New draft JEP: intrinsics for String::format and Objects::hash (among others)
forax at univ-mlv.fr
Mon Oct 22 21:03:26 UTC 2018
[move to amber-spec-experts]
----- Mail original -----
> De: "Brian Goetz" <brian.goetz at oracle.com>
> À: "amber-dev" <amber-dev at openjdk.java.net>
> Envoyé: Lundi 22 Octobre 2018 21:45:00
> Objet: New draft JEP: intrinsics for String::format and Objects::hash (among others)
> For those of you following the saga of improved constant folding, which
> includes JEPs 334 and 303 (see
> https://www.youtube.com/watch?v=iSEjlLFCS3E), another installment of the
> story ...
> While JEP 303 provides intrinsics for pseudo-methods (ldc,
> invokedynamic) whose semantics will be spelled out in the JLS, this JEP
> provides for more ad-hoc transformation of method invocations to
> LDC/indy, and outlines the initial candidate for this treatment
> String::format and Objects::hash. (It does not rely on the constant
> folding and propagation that JEP 303 relies on, and so can be delivered
> before those are.) The initial scope is deliberately limited; it can be
> expanded later.
> We're working on some performance numbers that will provide the context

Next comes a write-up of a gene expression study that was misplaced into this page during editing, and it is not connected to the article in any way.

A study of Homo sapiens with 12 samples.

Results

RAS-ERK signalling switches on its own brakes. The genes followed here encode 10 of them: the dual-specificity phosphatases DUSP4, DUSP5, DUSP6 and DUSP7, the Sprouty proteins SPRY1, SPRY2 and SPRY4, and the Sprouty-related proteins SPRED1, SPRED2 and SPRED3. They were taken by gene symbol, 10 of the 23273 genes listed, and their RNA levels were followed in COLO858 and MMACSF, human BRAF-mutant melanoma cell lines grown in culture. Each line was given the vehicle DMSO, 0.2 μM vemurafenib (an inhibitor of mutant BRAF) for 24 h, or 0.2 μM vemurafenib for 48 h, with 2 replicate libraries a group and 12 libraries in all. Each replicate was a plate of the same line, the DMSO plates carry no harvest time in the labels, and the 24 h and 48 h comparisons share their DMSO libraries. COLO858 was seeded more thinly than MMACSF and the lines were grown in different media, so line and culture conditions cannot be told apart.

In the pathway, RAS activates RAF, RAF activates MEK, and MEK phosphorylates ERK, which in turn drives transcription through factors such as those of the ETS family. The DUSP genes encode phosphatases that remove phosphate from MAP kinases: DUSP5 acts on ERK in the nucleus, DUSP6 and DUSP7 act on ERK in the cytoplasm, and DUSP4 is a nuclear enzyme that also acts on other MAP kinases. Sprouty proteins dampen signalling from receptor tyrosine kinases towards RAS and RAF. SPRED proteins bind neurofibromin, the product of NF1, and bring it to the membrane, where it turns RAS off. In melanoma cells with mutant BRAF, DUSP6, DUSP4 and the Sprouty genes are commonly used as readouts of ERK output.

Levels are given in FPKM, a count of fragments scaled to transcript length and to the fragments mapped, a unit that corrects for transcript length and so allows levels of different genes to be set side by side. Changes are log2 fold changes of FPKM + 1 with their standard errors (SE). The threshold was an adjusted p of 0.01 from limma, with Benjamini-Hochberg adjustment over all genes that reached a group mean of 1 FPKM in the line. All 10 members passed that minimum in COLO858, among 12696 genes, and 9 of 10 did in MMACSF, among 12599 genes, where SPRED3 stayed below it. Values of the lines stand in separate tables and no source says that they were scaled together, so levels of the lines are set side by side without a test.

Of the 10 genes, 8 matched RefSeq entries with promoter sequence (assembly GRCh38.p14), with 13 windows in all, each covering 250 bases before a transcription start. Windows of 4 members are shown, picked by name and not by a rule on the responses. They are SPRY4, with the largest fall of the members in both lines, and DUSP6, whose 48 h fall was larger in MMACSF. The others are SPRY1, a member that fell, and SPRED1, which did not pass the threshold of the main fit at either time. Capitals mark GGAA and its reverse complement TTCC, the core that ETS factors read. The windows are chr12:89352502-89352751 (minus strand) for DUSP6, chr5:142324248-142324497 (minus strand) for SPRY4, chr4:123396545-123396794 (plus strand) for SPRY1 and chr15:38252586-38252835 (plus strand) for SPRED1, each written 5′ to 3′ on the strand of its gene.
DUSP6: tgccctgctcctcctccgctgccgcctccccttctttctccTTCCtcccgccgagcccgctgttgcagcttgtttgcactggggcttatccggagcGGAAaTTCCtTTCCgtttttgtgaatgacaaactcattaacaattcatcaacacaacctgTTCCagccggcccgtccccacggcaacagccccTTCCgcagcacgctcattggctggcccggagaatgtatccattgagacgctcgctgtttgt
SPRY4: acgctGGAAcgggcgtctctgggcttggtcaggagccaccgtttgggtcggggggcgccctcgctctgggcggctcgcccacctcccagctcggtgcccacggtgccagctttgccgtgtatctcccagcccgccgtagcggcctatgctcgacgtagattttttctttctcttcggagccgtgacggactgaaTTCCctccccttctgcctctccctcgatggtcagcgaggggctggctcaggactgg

> on why we chose these particular methods -- these will be added to the
> JEP when ready.
I've recently discovered that the latest version of Eclipse is using Objects.hash() by default when you ask to auto-generate the hashCode,
obviously this is plainly wrong because the current implementation does a lot object allocations, but at the same time, the code is more readable.
So +200 on this JEP !
Now, the issues i see.
if you translate the bytecode, you are loosing the call to String.format() so if there is a NPE because one of the parameter is null, String.format() will disappear from the stacktrace of this NPE.
Also, from the point of view of the bytecode analyzers that do an abstract execution of the bytecode (Jacoco, Findbugs, Proguard, any IDEs, etc) each of them will have to have a mechanism to go from the invokedynamic call to the original call so it an be interpreted. It's seem to be a waste of resources to not a standard way to get the original call at bytecode level.
Limiting these intrinsics to the JDK methods has a big drawbacks, it makes the performance model less easier to understand.
By example, String.valueOf() will be fast but the method debug(String format, Object...) of a LOG4J Logger will be slower (even if it changes its implementation to use String.format internally because the format parameter will not be constant inside the implementation).
I understand that you do not want to open the pandora box of offering a macro system to everybody, but i hope there is a knd of middle ground, here, perhaps by enabling any methods to use the instrinsics annotation but to limit the bootstrap methods that can be used to the ones defined in the JDK.
- i think the bytecode should contains the information indicating the original call.
- users should be able to use the annotation given that the meta factory is restricted be in declared in java.base.